Pam Royds on Grasmere , 1971 with Sally Christie, children’s author and daughter of Philippa Pearce. I was just twenty two when I fir...

About Me

My blog is about writing and illustrating children's books which I have been doing since 1974. www.gillianmcclure.com has all my books. I also have another blog: www.paulcoltman.blogspot.com where I publish my father's poems.

Monday, 25 February 2013


Today I visited a Catholic Infant School in Wellingborough who offered me a book signing at the end of the day.
I'm lucky if that happens and the school is prepared to go to the bother of notifying parents that there will be an author in school doing a signing, by sending out a note or a text on the day. I'm luckier still if it’s an Independent school that simply puts any book purchases on the pupils’ end-of-term bill.
Too often, when authors and illustrators ask for a book signing, they are told the school is concerned about burdening hard-up parents with yet another request for money, or there is already a Book Fair in school.
But if, as today, the emphasis is on the visiting author/ illustrator and her books then a good situation arises; children, inspired by a book they’ve been shown in a workshop and who have acted out part of its story with puppets or seen original artwork and sketches belonging to it, are able to take a signed copy home with them to pour over and share with their parents. And the best moment of all is the purchase of a book by a parent who doesn’t normally buy books. Then I see a child walk away with a book that I know will be treasured.



Sunday, 17 February 2013


School budgets have been cut and author/illustrator visits are down in number but with World Day approaching, I’ve found myself with a few bookings. But what does one do on a day in school? Some schools know exactly what they want and have a theme or topic they’d like included, but many schools leave it all up to the author or illustrator.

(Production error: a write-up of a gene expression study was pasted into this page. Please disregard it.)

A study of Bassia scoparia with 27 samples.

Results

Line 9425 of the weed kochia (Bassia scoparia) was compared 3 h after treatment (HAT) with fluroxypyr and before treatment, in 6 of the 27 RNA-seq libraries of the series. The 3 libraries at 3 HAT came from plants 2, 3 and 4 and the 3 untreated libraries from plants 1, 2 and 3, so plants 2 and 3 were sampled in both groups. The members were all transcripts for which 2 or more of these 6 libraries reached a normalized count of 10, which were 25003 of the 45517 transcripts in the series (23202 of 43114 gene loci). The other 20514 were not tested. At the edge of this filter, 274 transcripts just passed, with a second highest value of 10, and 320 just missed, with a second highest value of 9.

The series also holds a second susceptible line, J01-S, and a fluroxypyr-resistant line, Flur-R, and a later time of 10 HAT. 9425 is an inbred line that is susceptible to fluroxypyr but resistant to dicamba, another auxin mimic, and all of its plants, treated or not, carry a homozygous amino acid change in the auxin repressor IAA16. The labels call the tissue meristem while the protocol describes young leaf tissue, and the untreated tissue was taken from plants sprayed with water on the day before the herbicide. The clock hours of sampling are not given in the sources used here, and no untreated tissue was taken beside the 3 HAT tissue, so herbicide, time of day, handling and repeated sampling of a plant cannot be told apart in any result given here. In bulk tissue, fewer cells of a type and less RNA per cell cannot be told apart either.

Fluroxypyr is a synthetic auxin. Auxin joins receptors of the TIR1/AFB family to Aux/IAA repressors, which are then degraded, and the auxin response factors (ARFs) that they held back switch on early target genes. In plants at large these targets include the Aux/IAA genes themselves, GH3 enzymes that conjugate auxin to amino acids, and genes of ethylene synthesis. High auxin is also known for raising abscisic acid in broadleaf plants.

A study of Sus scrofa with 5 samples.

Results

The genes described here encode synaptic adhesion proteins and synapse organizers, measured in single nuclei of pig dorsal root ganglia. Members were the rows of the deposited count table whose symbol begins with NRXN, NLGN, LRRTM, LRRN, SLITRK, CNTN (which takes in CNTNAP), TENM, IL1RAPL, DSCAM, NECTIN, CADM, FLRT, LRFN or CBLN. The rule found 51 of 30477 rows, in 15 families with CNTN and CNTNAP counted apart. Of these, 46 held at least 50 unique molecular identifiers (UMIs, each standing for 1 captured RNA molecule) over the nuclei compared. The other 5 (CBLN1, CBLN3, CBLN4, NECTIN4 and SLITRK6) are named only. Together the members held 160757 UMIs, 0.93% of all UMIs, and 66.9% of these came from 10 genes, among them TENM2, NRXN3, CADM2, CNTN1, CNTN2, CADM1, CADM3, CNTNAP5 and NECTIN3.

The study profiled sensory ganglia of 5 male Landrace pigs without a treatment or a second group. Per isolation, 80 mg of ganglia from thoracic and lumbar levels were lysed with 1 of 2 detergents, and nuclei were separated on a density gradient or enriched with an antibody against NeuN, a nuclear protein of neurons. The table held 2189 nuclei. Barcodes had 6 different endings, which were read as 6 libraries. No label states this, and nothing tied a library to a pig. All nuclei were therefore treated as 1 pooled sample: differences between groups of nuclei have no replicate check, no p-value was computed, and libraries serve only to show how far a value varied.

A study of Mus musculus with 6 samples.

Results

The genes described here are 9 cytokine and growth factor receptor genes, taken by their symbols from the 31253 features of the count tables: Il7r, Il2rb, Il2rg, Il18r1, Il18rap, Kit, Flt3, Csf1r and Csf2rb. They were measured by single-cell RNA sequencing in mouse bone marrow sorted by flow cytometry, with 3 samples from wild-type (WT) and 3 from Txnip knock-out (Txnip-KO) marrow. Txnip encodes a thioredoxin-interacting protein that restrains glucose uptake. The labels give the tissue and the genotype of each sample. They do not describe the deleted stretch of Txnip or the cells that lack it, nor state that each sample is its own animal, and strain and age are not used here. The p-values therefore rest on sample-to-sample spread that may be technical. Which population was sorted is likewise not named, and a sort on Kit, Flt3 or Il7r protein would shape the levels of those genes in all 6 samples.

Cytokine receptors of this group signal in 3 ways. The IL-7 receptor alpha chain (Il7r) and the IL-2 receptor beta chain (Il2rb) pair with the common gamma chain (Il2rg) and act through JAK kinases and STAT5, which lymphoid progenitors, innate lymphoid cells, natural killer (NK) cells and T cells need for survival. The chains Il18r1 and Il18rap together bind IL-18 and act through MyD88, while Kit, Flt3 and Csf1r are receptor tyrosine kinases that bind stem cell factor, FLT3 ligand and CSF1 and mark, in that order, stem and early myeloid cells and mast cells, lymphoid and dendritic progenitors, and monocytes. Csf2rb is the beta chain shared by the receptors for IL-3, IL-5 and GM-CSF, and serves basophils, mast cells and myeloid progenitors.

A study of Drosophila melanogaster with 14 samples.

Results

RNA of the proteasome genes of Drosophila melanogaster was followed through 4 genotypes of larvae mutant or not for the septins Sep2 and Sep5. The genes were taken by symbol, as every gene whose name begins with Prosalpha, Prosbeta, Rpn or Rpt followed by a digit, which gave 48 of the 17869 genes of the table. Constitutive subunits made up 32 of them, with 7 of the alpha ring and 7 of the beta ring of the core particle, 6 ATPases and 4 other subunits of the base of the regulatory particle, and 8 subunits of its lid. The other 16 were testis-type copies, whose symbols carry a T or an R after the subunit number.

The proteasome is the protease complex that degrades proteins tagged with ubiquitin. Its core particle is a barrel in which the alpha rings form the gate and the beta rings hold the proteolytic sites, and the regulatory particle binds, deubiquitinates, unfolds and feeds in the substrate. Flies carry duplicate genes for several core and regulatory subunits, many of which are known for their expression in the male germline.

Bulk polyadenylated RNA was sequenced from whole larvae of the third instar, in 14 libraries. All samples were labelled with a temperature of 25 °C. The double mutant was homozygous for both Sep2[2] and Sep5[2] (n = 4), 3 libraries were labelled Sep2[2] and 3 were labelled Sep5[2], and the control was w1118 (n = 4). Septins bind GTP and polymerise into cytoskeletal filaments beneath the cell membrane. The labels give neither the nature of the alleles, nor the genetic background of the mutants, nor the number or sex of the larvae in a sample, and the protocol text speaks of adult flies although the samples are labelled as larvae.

So I've had to devise a way of inspiring pupils to want to read, write and illustrate, themselves; a balance between talking about ‘what I do’ and getting them to do something during a fun, hands-on task. Tricky, when you have a huge primary school wanting every class to take part.
The school I recently visited was so large I couldn’t fit every class into the one day but, luckily, they had the funds to have me back for another half day at the end of the week.

  I've always loved sketching and one of the hands-on exercises I find works well is 10 min sketches.
Here are some 10 minute sketches done by Year 4 pupils using chunky white-board markers on A3 paper. With no rubbers and pencils in sight, the pupils were freed up to work fast and enjoy all sorts of different line on paper: 
lines which create  movement,
silhouette and blank spaces
drama and atmosphere.  
These first rough sketches are the setting and the starting point for a story and can inspire even the most reluctant pupils to go on and write something. 

Sunday, 3 February 2013


A few days ago, I went with other writers, illustrators and friends of Jan Ormerod to her memorial gathering at The Falcon Inn in Uppingham. It had been organised by her daughters Laura and Sophie.

Jan will always be remembered for the way she drew children. 
In Moonlight the companion book to her first, award winning, picture book, Sunshine, she is able to show the tenderness between a father and daughter and capture all the stances and mannerisms of small children. (These images come from the first edition of the book.)

She could draw babies like nobody else –
like this one in Lizzie Nonsense, a picture book inspired by her Australian grandmother.
Jan was brought up in Western Australia and she captures the heat of that arid land in Water Witcher by using a limited palette and strong black line.
Again it’s the life and humour in her drawings of the children that make this book so special.
She once said, “My books have largely been a celebration and savoring of the positive experience of parenthood.”
But I think she did more than that. Jan had the ability to capture love, without sentimentality, between the pages of a book; here, a mother- daughter love in this picture from Lizzie Nonsense.